How a Canadian cannabis producer is using fish poop to reduce its water consumption

The unlikely combination of freshwater fish and cannabis is producing outsized medical marijuana crops that Green Relief Inc aims to capitalize on, as the Canadian company plots a stock market listing and global expansion.

In an underground southern Ontario facility surrounded by farmland, Green Relief operates a cutting-edge aquaponic farm, using filtered fish waste to fertilize cannabis plants, which in turn clean the water for the fish.


“This is the agriculture of the future,” said Warren Bravo, a former concrete contractor who co-founded the company with friend Steve LeBlanc in 2013. “If you’re not latching on to sustainable agriculture technologies now, you’re going to be a dinosaur.”

Melanie Pearson loads tilapia fish for transport from an aquaponics grow operation, by licensed marijuana producer Green Relief in Flamborough, Ont., Jan. 25, 2019.

REUTERS/Carlos Osorio

Green Relief’s closed-loop system, which raises 6,000 tilapia and 4,500 plants at any given time, uses 90 percent less water than conventional agriculture, while delivering 10-20 percent better yields than traditional methods, Bravo said.

Every five weeks, Green Relief purges one of its 16 fish tanks, donating some 300 market-size tilapia to Second Harvest, a food charity which delivers the fish to a homeless shelter’s kitchen.

A C$60 million ($45.9 million) expansion is underway at the company’s rural base outside Hamilton, about an hour’s drive west of Toronto, which will add 15,000-20,000 kilograms to annual output. The project also includes manufacturing and packaging operations, to process plants from its satellite operations.

Cannabis plants fill a room in an aquaponics grow operation by licensed marijuana producer Green Relief in Flamborough, Ont., Jan. 25, 2019.

REUTERS/Carlos Osorio

That includes a recently acquired 100,000-square-foot indoor soccer complex in Hamilton, which will produce some 15,000 kilograms of pot after a C$9 million retrofit.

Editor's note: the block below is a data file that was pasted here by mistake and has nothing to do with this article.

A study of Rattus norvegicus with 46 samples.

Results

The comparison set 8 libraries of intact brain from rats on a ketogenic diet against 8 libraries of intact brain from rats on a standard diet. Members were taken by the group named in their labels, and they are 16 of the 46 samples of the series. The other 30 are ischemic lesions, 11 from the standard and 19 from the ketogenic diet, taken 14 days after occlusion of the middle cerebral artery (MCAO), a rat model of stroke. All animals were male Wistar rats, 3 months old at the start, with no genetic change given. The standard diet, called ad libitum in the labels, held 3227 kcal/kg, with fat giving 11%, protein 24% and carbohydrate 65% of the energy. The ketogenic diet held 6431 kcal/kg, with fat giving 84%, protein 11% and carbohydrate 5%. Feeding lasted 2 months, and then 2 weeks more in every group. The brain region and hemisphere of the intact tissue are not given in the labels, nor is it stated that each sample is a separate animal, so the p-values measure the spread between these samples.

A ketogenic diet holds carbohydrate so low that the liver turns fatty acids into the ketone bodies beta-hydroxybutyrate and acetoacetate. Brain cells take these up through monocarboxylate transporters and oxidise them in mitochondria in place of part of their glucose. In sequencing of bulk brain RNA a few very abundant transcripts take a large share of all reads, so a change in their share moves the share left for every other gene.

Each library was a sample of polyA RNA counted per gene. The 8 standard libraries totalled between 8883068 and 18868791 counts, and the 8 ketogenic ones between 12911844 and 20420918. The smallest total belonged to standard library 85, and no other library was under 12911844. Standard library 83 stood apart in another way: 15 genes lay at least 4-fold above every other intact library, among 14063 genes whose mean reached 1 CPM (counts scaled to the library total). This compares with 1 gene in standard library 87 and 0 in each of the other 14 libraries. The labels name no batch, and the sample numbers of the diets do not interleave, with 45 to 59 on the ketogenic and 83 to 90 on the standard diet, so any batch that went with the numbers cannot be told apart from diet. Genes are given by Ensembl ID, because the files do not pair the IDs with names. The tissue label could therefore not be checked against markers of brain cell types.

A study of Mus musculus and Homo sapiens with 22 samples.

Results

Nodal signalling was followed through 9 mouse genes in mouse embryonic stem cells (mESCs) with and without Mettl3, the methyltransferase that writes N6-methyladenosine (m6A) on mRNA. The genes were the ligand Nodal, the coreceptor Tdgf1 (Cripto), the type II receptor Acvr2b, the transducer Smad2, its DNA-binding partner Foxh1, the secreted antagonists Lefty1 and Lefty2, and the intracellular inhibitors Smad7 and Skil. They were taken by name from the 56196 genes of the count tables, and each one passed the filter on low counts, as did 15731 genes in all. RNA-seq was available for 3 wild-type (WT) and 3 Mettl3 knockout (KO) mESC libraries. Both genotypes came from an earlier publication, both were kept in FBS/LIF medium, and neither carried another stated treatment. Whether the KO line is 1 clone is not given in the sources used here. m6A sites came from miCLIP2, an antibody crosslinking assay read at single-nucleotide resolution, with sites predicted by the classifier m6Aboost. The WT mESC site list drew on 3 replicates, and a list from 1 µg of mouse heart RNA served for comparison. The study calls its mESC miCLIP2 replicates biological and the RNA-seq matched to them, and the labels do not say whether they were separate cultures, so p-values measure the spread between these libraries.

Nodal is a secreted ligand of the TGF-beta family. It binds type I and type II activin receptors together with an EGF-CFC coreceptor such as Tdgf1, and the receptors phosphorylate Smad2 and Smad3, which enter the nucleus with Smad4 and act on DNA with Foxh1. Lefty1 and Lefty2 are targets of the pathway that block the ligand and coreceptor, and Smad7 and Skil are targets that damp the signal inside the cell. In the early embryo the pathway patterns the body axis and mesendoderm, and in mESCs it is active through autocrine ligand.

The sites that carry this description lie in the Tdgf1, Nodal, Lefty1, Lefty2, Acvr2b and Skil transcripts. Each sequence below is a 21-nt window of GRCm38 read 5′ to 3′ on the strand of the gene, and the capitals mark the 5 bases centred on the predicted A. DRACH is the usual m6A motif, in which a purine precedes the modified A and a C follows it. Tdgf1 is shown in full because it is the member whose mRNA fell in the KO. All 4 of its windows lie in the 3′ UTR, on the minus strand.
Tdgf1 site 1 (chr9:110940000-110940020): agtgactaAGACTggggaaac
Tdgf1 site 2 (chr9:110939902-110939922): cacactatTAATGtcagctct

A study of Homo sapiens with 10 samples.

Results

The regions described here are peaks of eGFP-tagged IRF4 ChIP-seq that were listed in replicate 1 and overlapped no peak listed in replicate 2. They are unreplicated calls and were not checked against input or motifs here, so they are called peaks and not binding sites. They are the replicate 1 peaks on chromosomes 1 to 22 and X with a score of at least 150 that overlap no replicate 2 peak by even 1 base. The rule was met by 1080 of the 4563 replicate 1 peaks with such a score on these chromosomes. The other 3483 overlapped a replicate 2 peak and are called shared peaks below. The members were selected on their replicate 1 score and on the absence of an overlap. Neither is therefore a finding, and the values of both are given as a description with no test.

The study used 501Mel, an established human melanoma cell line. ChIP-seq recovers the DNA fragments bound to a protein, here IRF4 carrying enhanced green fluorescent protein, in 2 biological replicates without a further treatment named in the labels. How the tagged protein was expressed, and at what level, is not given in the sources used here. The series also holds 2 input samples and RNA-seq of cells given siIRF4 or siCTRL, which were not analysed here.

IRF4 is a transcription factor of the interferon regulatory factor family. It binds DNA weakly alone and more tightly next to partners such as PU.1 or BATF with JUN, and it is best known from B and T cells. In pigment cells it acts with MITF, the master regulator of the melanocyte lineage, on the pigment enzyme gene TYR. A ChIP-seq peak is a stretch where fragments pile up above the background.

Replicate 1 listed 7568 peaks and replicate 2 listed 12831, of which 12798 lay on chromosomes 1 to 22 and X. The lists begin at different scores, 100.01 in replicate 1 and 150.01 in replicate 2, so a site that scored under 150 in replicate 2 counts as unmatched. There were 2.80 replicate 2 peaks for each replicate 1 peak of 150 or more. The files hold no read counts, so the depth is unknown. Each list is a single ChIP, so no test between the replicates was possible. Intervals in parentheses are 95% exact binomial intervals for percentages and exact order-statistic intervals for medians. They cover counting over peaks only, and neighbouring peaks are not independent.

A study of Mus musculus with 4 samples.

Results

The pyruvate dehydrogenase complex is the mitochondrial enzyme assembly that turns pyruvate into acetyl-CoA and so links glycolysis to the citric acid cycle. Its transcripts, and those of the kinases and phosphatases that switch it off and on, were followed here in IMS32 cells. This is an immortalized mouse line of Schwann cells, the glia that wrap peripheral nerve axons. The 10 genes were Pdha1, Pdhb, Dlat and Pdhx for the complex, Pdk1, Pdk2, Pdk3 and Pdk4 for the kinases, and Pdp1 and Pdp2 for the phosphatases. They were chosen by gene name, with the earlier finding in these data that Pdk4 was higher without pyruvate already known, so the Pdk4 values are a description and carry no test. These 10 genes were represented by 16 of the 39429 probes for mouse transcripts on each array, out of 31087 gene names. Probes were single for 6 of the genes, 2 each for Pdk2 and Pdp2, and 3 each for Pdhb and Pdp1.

With partners, Green Relief is also building facilities in Thunder Bay, Ontario and Halifax, Nova Scotia that will each produce some 20,000 kilograms annually, Bravo said.

Backed to date with some C$18 million from private investors, Green Relief is preparing to list on the Canadian Securities Exchange, and possibly Nasdaq, to help fund its growth plans.

Sue McAdam prepares to cook tilapia fish, from an aquaponics grow operation by licensed marijuana producer Green Relief, at Good Shepherd Ministries homeless shelter’s soup kitchen in Toronto, Ont., Jan. 27, 2019.

REUTERS/Carlos Osorio

An initial public offering is likely “within months,” depending on market conditions, and will build on a current financing that prices 100 million shares at C$3.50 each, Bravo said. Green Relief could break even within months and expects to be profitable this year, he added.

Bravo had been chief executive until he handed the job on an interim basis in January to John Durfy, who has a background in markets and investment.


“Canada’s in a very fortunate position right now,” he said, referencing the country’s world-leading legalization of recreational cannabis in October 2018. “We get to take the lead in a brand new industry.”